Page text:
Vandals have been breaking into the Neale Woods Nature Center in recent months, causing damage and stalling employees’ progress to restore the building for additional community use.

The building is nestled in the 600-acre park about 10 miles north of downtown Omaha. The park contains 11 miles of trails.

The nature center has housed shows for the Blue Barn Theatre and other events, but employees are working to revitalize the building and ramp up efforts to connect with the community.

Graffiti, vandalism and break-ins are setting them back, however. About 8 a.m. Tuesday, at least three people kicked down a door at the nature center, broke a window to get access to the roof, tore down security cameras, stole water bottles and set off fire extinguishers.

Dan Borgaila, the facilities supervisor for Fontenelle Forest, which owns Neale Woods, said Tuesday was the second time in a month that the building had been broken into, although there is evidence of other vandalism in recent months.

“We’re frustrated, very frustrated that this keeps happening,” Borgaila said. “We’re trying to put money in this place and bring it back to be able to be used by the public. They keep on setting us back.”

The building is now a studio for an artist known as Barber, who is an artist in residence at the Union for Contemporary Art who is working on an installation about the relationship between north Omaha and Neale Woods. Thankfully, Borgaila said, Barber’s art hasn’t been damaged, and officials hope that never happens.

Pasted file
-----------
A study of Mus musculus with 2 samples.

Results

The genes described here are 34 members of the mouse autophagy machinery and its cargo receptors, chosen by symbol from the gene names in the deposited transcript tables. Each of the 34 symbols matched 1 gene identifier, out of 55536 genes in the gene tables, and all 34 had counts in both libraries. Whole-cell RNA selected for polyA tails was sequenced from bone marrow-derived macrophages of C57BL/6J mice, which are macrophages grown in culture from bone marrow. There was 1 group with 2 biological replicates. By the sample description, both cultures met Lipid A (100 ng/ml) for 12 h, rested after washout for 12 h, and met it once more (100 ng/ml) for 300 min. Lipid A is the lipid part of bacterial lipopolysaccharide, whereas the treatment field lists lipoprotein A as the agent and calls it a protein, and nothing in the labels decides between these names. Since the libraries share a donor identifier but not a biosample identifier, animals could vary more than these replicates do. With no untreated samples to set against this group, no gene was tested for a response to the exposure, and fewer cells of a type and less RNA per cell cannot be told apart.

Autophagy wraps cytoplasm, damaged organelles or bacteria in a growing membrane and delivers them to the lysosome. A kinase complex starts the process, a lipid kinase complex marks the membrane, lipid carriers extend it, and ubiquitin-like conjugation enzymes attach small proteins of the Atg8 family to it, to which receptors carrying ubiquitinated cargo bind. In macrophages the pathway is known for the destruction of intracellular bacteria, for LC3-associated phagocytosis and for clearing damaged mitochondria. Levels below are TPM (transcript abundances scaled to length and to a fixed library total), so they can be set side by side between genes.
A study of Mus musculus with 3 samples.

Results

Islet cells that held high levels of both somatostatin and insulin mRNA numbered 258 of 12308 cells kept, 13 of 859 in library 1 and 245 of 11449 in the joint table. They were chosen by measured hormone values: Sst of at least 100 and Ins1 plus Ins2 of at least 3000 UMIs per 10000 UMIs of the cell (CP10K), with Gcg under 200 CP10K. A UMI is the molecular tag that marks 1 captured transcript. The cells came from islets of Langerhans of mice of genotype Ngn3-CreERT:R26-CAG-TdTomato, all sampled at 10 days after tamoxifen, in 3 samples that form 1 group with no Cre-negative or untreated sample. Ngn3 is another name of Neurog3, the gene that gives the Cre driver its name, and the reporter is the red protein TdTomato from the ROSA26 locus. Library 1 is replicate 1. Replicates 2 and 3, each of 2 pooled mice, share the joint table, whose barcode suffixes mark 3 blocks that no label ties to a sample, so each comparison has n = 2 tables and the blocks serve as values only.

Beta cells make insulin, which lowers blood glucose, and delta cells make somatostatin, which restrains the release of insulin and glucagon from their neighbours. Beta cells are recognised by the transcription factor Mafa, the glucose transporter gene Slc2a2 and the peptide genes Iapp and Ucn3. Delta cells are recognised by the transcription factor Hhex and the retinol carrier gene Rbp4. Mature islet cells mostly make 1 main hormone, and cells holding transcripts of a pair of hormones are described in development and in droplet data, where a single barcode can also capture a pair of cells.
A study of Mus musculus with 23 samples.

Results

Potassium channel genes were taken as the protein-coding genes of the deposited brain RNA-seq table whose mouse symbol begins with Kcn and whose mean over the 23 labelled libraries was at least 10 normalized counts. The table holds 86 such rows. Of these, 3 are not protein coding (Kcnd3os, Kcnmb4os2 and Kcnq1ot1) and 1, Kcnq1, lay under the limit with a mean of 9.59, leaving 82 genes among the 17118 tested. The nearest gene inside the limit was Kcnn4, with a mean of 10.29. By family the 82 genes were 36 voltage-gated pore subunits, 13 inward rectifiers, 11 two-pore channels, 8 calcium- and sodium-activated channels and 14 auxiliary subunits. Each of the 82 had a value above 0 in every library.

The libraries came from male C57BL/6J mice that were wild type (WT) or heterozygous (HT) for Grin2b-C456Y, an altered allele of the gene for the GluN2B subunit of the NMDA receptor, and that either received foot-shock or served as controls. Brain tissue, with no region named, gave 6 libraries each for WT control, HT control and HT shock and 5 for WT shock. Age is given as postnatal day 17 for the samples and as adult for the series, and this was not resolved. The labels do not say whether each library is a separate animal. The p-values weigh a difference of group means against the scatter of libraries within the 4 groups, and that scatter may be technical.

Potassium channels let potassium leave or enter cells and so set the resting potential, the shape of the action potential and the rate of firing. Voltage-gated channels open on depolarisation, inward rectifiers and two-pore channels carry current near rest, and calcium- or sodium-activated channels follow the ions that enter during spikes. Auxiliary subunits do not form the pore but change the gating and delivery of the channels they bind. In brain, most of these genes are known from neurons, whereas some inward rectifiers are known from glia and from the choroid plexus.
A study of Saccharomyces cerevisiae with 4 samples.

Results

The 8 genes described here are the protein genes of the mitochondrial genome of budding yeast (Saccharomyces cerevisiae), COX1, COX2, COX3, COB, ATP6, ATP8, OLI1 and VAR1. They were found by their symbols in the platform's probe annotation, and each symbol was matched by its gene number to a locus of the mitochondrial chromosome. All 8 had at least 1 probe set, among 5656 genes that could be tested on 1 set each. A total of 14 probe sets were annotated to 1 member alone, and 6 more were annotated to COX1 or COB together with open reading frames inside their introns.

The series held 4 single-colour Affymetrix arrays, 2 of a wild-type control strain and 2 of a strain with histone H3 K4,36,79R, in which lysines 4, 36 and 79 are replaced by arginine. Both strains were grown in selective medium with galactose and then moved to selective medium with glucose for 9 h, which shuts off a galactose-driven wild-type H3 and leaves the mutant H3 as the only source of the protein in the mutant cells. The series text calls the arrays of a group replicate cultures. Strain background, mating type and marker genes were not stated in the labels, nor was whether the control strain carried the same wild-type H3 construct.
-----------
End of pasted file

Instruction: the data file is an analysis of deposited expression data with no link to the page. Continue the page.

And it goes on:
“This artist is the beginning of us using the space again,” said Molly Mullen, a spokeswoman for Fontenelle Forest. “We finally have our team in place that’s ready to bring Neale Woods into the 21st century, and it is just like a gut punch.”

Iowa State University landscaping and architecture students had helped imagine additional uses for the center and created designs for its future. Borgaila hopes to develop a partnership with the University of Nebraska at Omaha’s astronomy department because the department has the necessary equipment and Neale Woods is a great spot for stargazing.

Borgaila put up security cameras before the first break-in a couple of months ago, then added more afterward. He caught the intruders on video Tuesday.

More rangers might be dispatched in the area for security purposes. In addition, employees know that a lot of hikers enjoy the area, and they want to spread the word to keep an eye out.

“If you see something, say something,” Mullen said.